F R E E
Twenty teenagers sat in a circle, some with their feet propped on a friend’s lap, others with arms draped over a neighbor’s shoulders, still others sat quietly cross-legged. On a chilly autumn night, we filmed them as they shared their stories with each other, beginning with the words “If you really knew me … “.
“If you really knew me, you would know that I spend most of my day on Facebook.”
“… you would know that my parents split when I was five.”
Each time around the circle, deeper stories emerged.
“If you really knew me, you would know that my father was abusive.”
“… you would know that these are cigarette burns.”
“… I was raped as a little girl.”
“… I was shot when I was eight.”
The young people were from Oakland, California, and this was the start of a new Destiny Arts Youth Performance Company, a select group of teens chosen each year to create a performance based on their lives. Plenty of hip hop dance moves were made that day—hinge kicks, tutting, chest pops—but the sharing played a special role in bonding the company.
We filmed the young people in the company over the course of a year, documenting the process as they turned their stories into art. The product is the film F R E E.
We were intrigued that dance and storytelling was being used in violence prevention, Destiny Arts’ primary mission. But what we learned as we followed the Destiny youth was this: When people get a chance to share their stories, they understand that they matter.
“Dance is a vehicle of self-love for my students,” said Sarah Crowell, artistic director at Destiny Arts. “When you are dancing, when you are finding your voice, you are deeply connecting to your center—a place where there is no violence or self-hatred.”
Many of the youth at Destiny come from impoverished families, foster care, violent neighborhoods, single-parent households. Some have been impacted directly by crime and the juvenile justice system. Jamany, a subject in the documentary, had been in a lot of trouble—robbery, drugs, shootings—before he came to Destiny. After participating in the program, he has more options. “I think about what I’m doing before I act on my emotions, and let it out in a way that’s safe. My safe way is dancing.”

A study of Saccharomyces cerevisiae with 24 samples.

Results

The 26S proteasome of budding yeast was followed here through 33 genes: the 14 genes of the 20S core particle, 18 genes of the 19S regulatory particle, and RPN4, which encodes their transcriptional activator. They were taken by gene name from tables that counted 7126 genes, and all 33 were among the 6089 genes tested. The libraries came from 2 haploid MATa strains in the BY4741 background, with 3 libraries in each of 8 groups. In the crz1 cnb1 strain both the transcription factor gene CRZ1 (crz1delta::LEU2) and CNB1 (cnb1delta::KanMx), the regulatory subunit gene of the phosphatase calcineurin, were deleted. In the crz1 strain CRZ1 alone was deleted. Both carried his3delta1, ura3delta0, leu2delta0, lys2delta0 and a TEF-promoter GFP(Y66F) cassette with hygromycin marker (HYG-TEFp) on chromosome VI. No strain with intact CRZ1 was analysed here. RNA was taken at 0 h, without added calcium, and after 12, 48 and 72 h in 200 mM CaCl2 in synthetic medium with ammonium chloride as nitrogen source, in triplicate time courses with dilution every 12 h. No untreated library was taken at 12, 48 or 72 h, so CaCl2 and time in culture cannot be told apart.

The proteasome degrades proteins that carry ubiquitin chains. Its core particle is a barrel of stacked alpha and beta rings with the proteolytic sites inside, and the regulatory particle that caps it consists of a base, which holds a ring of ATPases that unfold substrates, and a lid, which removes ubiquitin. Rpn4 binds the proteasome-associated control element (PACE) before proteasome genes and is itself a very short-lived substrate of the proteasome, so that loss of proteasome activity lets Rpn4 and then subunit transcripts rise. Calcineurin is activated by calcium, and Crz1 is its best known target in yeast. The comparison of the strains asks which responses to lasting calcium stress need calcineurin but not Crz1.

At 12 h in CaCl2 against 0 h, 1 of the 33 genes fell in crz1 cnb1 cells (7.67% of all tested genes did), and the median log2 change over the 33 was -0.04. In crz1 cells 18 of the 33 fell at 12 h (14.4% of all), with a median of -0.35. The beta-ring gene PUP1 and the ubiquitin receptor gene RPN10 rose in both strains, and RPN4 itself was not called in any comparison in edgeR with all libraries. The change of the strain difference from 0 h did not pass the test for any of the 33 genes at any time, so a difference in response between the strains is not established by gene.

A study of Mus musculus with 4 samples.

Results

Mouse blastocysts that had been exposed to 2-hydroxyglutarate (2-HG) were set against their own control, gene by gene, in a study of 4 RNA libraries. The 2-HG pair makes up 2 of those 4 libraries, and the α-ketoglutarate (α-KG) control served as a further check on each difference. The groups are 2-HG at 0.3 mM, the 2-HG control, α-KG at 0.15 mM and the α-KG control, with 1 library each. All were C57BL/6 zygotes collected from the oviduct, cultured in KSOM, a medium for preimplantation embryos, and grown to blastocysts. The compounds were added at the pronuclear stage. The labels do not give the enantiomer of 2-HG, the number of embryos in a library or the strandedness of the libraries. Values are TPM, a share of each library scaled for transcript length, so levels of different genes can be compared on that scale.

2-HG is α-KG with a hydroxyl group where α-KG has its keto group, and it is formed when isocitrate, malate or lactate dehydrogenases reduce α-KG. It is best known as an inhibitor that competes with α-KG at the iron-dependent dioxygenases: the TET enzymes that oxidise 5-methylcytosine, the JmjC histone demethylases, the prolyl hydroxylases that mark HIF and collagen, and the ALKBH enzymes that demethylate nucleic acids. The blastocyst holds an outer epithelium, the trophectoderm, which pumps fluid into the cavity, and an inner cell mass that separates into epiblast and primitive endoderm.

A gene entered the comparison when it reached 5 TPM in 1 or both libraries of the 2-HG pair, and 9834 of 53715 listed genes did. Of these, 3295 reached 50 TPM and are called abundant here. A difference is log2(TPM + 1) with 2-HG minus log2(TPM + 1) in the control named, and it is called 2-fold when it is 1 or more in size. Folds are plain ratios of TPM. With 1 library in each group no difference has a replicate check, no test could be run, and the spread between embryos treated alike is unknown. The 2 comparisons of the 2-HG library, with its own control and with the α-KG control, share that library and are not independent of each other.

Parts of Oakland provide a rough place for growing up. Crime, joblessness, poverty, and violence can make youth feel even more marginalized during the challenging adolescent years. No easy solutions exist, but programs like Destiny offer youth a chance to take the garbage—abuse, poverty—that they’ve been handed and compost it into something nourishing, beautiful even.
Art can do that.
In a recent TED Talk, Dave Isay, the founder of StoryCorps, discussed a book he wrote that documents the stories of indigent men living in a flophouse in New York. The men were poor and thought they did not matter to the rest of the world. When Isay came back with a finished copy, one of the residents ran down the hallway, waving the book over his head, shouting, “I exist! I exist!"
Listening to people who may not believe their voices matter is to show a deep kind of respect. And finding the courage to share a story can offer a deep kind of healing. On the film’s opening night, behind the curtain, the youth in the company held hands in a circle. “That curtain is about to go up,” Crowell told them. “Like nothing else I know, this will set you free.”
Some question whether the arts should be so worthy of our attention, when so many other basic pressing needs exist: food, medicine, housing. After making this film, we understand the immense power in the simple act of sharing a story. Whether by listening or by telling our own, walls come down, bridges of empathy are built, and real change can happen when we begin with: “If you really knew me …”
Suzanne LaFetra is co-director and co-producer of F R E E, which has been nominated for a 2015 Media for a Just Society Award. She is a freelance writer, journalist, and filmmaker. She is the executive producer of the documentary She Wants to be a Matador (2009). She has long believed in the power of film as a medium for social change. Being the mom/stepmom to four adolescents has made her particularly keen on the youth development work portrayed in F R E E. This is her directorial debut.
David Collier is co-director, co-producer, and director of photography for F R E E. He is the founder and principal at Studio B Films in Berkeley, California, and has been a prominent figure in the film and video world since 1985. He enjoys the scope of his job, which ranges from visual artist and storyteller to business entrepreneur. He earned an Academy Award nomination for his documentary, For Better or For Worse, which explores the lives and relationships of five couples married for 50 years or longer.